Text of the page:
Together with Travel and Tourism, the Events industry is amongst those experiencing the biggest negative impact from Covid19, as social distancing measures effectively continue to put a hold on traditional events. Predictions still indicate a 46% decline on a global level in 2020 alone.
However, the decline in Britain is expected to be even bigger – at 50%, which translates into a drop in the economy of GBP 25 billion. Although the market is expected to see some movement towards “pre-Covid19 conditions” in the months and years to come, and several new virtual event-types are emerging, the impact of Covid19 measures are expected to have a long-lasting effect. During the next 5 years, the accumulated decline in the Events industry economics could surpass GBP 100 billion.
A recent study performed by global Events industry leader Evendo reveals a significant decline in customer demand for “traditional” Event offerings – typically events, where groups of people are together in confined spaces indoors or outdoors. Although the market is expected to somewhat recover, the current outlook for 2020 is chilling compared to 2019.
“As different countries have varying preferences when it comes to events – the composition of demand in those countries will also result in differing impacts on their national economies. Compared to other countries however, across which the average decline in event demand is around 46%, Britains average decline is around 50%, that’s almost 9% higher than the global average,” says Kasper Larsen, CEO of Evendo.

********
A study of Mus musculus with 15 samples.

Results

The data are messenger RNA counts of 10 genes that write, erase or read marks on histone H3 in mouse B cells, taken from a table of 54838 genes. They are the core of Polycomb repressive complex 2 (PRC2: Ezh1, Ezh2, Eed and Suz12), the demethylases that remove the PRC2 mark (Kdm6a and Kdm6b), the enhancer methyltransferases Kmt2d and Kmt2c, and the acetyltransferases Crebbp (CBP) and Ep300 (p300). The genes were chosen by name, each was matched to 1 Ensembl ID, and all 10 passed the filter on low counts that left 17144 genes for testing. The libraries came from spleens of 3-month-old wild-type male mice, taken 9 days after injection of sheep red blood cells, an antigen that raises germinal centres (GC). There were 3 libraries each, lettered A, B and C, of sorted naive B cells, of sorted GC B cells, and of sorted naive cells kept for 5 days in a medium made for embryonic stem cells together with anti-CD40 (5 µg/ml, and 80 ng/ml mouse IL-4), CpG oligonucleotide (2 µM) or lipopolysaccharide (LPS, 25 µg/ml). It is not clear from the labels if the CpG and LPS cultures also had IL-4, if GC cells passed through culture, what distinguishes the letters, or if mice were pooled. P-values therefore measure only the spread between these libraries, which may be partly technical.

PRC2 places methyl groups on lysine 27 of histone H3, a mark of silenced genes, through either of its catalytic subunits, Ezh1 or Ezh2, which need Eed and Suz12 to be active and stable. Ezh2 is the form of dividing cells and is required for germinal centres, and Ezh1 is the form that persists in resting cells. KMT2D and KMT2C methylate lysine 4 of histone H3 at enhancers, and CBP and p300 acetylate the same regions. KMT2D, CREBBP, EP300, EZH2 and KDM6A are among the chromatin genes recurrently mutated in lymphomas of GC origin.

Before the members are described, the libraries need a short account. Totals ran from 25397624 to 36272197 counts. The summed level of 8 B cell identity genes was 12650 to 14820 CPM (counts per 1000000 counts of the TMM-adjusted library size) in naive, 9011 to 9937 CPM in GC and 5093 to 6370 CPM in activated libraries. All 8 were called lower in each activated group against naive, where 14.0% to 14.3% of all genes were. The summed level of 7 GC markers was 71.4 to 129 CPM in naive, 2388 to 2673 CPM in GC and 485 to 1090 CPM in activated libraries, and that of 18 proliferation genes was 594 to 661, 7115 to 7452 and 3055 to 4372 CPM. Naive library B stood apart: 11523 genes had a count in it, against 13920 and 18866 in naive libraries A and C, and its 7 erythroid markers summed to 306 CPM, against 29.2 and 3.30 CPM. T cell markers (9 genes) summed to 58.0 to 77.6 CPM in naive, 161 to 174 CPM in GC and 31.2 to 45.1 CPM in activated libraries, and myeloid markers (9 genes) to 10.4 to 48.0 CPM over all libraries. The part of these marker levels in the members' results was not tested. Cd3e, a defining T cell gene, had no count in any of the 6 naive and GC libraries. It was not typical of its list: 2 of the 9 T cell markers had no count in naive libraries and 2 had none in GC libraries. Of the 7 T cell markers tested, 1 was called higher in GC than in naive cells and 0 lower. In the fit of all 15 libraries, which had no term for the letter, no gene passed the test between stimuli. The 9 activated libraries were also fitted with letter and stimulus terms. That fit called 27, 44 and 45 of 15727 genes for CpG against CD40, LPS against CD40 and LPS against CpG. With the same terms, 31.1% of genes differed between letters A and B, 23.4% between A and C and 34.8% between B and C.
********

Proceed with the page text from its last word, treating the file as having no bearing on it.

Unsurprisingly, the biggest decline is seen in demand for Group Indoor activities. Such activities include popular Escape Rooms and are those most impacted by Covid19 restrictions and national guidelines. As this type of activity is also in greater demand in Britain than in for example the United States, the British Event Industry is facing a bigger decline than other countries in absolute numbers.
From the expected total decline in the British Event industry, the decline in Group Indoor activities makes up for 65% – a decline of GBP 17 billion in 2020 alone.
Are virtual events taking over?
Over the past few years, the events industry saw the inevitable introduction of virtual experiences and activities alongside the increasing mass adoption of group video tools such as Zoom. Once Covid19 hit, virtual experiences grew exponentially as customers began looking for new ways to get around close contact groupings. Does this mean that these “virtual” events are now taking over from “traditional” events? The answer is: To some extent.
As a consequence of Covid19, the demand for virtual experiences has seen an increase of 241%. However, even after this increase, virtual experiences only make up for around 3% of the total Event economy.
As 62% of the total demand for virtual experiences originates from United States, the positive impact from the increase in demand for these, does not contribute as much in Britain.
In addition, the relative demand for virtual experiences is expected to decrease over time as well, although it is also expected to settle at a level above “pre-Covid19”.